Comedians Alec Baldwin and Will Ferrell returned to NBC's "Saturday Night Live" to parody President TrumpDonald John TrumpMinnesota certifies Biden victory Trump tells allies he plans to pardon Michael Flynn: report Republican John James concedes in Michigan Senate race MORE's response to developments in the House impeachment inquiry last week. 

Baldwin, mimicking Trump, wrote off the hearings' significance, claiming that testimony from Gordon SondlandGordon SondlandGOP chairman vows to protect whistleblowers following Vindman retirement over 'bullying' Top Democrat slams Trump's new EU envoy: Not 'a political donor's part-time job' Trump names new EU envoy, filling post left vacant by impeachment witness Sondland MORE, U.S. ambassador to the European Union, "completely exonerated me." Ferrell, as Sondland, meanwhile contradicted those remarks, saying at one point that a "quid pro quo" was "on the low, low." 

The skit opened by featuring Baldwin's Trump taking questions from a swarm of reporters as a loud helicopter prepares for takeoff outside the White House. Baldwin says he's "in a big, big hurry right now," but that "everything is perfect, okay?"


"I actually wrote down notes from his testimony that proves my innocence and I used the biggest, fattest black Magic Marker I could find," Baldwin said, referring to a handwritten notes Trump read from as Sondland testified. "I love black magic markers by the way. I know most people use sharpies, they smell like licorice."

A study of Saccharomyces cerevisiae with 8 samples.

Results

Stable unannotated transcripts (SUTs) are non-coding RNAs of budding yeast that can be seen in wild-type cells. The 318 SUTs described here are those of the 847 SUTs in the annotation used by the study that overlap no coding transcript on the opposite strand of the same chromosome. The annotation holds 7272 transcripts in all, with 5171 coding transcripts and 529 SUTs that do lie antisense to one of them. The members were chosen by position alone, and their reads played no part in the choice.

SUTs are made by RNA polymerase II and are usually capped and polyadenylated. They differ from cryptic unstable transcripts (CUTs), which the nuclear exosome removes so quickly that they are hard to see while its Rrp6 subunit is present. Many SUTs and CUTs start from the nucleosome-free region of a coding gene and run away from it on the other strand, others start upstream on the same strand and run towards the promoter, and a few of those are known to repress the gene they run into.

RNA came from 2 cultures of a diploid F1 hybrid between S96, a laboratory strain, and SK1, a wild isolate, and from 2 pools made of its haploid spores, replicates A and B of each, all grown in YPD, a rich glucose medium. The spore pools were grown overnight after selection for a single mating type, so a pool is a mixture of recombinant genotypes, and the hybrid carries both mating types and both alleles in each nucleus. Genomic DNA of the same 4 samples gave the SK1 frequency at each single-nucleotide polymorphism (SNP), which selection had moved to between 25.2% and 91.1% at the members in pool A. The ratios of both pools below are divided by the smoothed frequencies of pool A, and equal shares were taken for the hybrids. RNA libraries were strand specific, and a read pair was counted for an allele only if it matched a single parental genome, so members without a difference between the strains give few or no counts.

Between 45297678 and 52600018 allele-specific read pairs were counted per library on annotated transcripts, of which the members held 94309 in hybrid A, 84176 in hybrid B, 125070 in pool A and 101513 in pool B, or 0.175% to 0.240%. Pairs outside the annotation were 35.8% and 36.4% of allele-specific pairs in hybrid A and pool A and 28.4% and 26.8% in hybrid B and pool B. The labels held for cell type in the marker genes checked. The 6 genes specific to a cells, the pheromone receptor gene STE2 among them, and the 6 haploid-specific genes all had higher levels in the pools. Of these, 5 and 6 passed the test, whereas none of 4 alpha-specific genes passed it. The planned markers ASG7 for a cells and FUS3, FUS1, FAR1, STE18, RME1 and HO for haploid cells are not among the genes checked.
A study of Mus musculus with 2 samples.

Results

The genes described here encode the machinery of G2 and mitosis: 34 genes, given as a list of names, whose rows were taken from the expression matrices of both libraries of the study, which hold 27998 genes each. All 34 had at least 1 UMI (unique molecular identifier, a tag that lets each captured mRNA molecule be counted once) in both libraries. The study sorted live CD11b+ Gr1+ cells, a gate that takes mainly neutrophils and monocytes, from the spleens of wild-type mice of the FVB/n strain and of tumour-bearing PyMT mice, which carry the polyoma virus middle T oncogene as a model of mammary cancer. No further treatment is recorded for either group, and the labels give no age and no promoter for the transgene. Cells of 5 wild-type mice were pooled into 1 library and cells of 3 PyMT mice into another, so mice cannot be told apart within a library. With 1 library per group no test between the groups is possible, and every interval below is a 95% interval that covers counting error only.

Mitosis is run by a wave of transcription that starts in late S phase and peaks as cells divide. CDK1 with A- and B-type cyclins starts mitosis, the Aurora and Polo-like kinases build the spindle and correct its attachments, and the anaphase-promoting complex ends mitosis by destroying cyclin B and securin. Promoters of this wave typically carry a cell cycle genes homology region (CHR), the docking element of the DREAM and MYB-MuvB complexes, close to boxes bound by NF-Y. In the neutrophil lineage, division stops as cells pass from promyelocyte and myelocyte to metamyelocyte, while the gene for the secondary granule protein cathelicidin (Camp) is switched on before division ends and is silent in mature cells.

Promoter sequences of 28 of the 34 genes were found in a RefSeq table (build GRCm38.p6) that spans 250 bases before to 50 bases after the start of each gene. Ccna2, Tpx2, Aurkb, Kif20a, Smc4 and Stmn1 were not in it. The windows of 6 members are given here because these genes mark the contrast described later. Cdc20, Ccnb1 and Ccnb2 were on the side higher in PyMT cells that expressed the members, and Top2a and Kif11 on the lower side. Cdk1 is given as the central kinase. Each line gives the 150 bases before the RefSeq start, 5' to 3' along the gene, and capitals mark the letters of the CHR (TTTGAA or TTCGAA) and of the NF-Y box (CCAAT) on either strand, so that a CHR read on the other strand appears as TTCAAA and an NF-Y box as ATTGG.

Reading from his notes, Baldwin recounted a conversation he had with Sondland to defend his innocence. 

"It's right here in my notes of super important conversations on the phone I've had," Baldwin said. "I'll read one, but then I have to split. This is me and Ambassador Sondland talking. He says to me, 'what do you want?' And I answer, 'two large pies, extra cheese, extra sauce."
 
"No, wait, wait, wait. That's a different phone call," Baldwin's Trump said, before asserting that he said to Sondland, "I want nothing, no quid pro quo, bro."
 
After Ferrell, impersonating Sondland, appears, Baldwin's Trump jokes that "it's so great to meet you for the first time by the way." 
 
"Oh, that's right. Keep the quid pro quo on the low low." Ferrell's Sondland said. "I just want to go on the record and say, 'you guys need to lay off my boy.'" 
 
Ferrell's Sondland goes on to state that countries like Ukraine and Russia "will do anything" for Trump, adding that he knows this because he asked. 
 
Ferrell and Baldwin's appearance came following a week in which the House Intelligence Committee heard depositions from several former and current administration officials about the president's dealings with Ukraine. 
 
Sondland testified that Trump conditioned a White House meeting with Ukrainian President Volodymyr Zelensky on the leader announcing investigations into 2020 presidential candidate Joe Biden and the 2016 presidential election. He added that in his opening statement that "everyone was in the loop" about the connection between investigations and a White House meeting. 
 
Trump rejected the significance of Sondland's testimony, saying that he didn't know the ambassador "very well" and that he never wanted anything from Ukraine. Reading from a packet of notes, Trump claimed that he told Sondland in a July conversation that "I want nothing" multiple times.